In a brief interview published in the Tropicana International magazine (Nº 5,1997), the extremely popular Puerto Rican singer Andy Montañez stated that salsa is not a rhythm but a mixture, "... a hybrid born of the guaguancó , the rumba , the son montuno , the plena , the bomba and even the merengue ... ". And he added: "I have always believed that the roots of this type of music are embedded here in Cuba." This statement affirms what we intend to ratify, since apparently not everybody is clear on this: salsa is not a rhythm in itself, but a name that embraces different musical genres, under a commercial label that succesfully launched a product to the market.
Nevertheless, the relevance of salsa in the international dissemination of several Caribbean dancing music is beyond doubt. Also beyond doubt is its own development and its impact on the work of musicians who in countries like Cuba, Puerto Rico, the Dominican Republic, Panama, Venezuela and others, have based their work on Latin dancing rhythms. Thus, a sort of feedback has luckily existed, and composers and musicians engaged in musical arrangements in the country have taken advantage of it when creating their own interpretations of a contemporary and novel dancing music.
In Cuba, for instance, this feedback, together with our own internal musical development and the talent of creative young musicians, gave birth to the so-called Cuban salsa first and timba later, with a sound and style quite different from that of New York and Puerto Rico salsa , but unquestionable influenced by the salsero movement at the very beginning.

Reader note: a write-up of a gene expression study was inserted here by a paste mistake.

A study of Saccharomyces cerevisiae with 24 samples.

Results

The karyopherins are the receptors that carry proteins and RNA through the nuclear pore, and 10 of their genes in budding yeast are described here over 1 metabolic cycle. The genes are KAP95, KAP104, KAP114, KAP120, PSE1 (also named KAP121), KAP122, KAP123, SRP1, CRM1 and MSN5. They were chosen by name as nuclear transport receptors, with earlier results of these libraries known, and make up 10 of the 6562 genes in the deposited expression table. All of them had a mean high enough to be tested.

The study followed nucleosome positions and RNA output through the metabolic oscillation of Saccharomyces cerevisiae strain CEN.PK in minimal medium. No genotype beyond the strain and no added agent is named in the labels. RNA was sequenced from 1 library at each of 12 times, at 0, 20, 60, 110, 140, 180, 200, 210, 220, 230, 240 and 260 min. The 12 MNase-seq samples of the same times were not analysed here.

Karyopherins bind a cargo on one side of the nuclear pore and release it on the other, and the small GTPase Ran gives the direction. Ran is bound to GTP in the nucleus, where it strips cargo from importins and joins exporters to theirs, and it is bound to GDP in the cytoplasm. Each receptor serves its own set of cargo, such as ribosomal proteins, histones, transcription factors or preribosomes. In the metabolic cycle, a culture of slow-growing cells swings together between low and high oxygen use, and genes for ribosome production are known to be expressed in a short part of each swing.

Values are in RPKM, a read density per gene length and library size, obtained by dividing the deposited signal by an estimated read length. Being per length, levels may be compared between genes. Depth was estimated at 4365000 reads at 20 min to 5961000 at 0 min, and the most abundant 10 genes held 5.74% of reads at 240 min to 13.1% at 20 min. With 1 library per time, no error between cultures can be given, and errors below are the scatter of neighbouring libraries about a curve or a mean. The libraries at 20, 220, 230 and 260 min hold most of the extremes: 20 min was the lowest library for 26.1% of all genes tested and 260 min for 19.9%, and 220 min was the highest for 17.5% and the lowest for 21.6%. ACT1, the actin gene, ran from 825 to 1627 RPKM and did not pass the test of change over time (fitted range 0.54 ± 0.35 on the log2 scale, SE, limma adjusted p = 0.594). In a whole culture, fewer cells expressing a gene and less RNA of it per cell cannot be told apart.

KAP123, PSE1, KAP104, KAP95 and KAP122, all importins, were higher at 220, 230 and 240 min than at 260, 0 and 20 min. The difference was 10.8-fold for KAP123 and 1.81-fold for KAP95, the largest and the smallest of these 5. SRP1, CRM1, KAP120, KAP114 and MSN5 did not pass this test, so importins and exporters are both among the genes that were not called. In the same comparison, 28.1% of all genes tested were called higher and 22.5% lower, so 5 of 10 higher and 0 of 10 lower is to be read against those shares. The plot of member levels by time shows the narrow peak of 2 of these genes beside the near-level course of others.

Salsa music appeared in New York City during the 60´s, though many years before, Cuban rhythms and the work of our musicians were known there, due to their performances since early in the 20th century. The Matamoros trio, for example, was so successful that it even made some recordings there, thus making the Cuban son, the guaracha and other rhythms present in that great city.
During the first years of the 30´s, the Cuban musician Don Aspiazu arrived in New York with his orchestra, with Mario Bauzá as one of its members and Antonio Machín as its singer. With them the popularity of the son grew to the point of being always present in NY music world. Cuban rhythms, increasingly popular, have been and are still introduced in the work of many Latin musicians living there. Years later, with the creation of the Afro Cubans by the Cuban singer "Machito" and under Mario Bauzá's musical direction, the foundations of the so-called Latin jazz were laid with the incorporation of our rhythms to this important manifestation. At the beginning of the 60´s, an entire Latin and Cuban musical atmosphere already existed in New York. There was also a great number of Cuban and Puerto Rican musicians, among other Latin Americans, living in the great city and striving to go ahead in life. There was, therefore, a great diversity of rhythms and musicians, a true sauce with multiple spices to be promoted and launched to the market. In this "sauce", Cuban ingredients, having the son as its main spice, turned into the predominant flavor.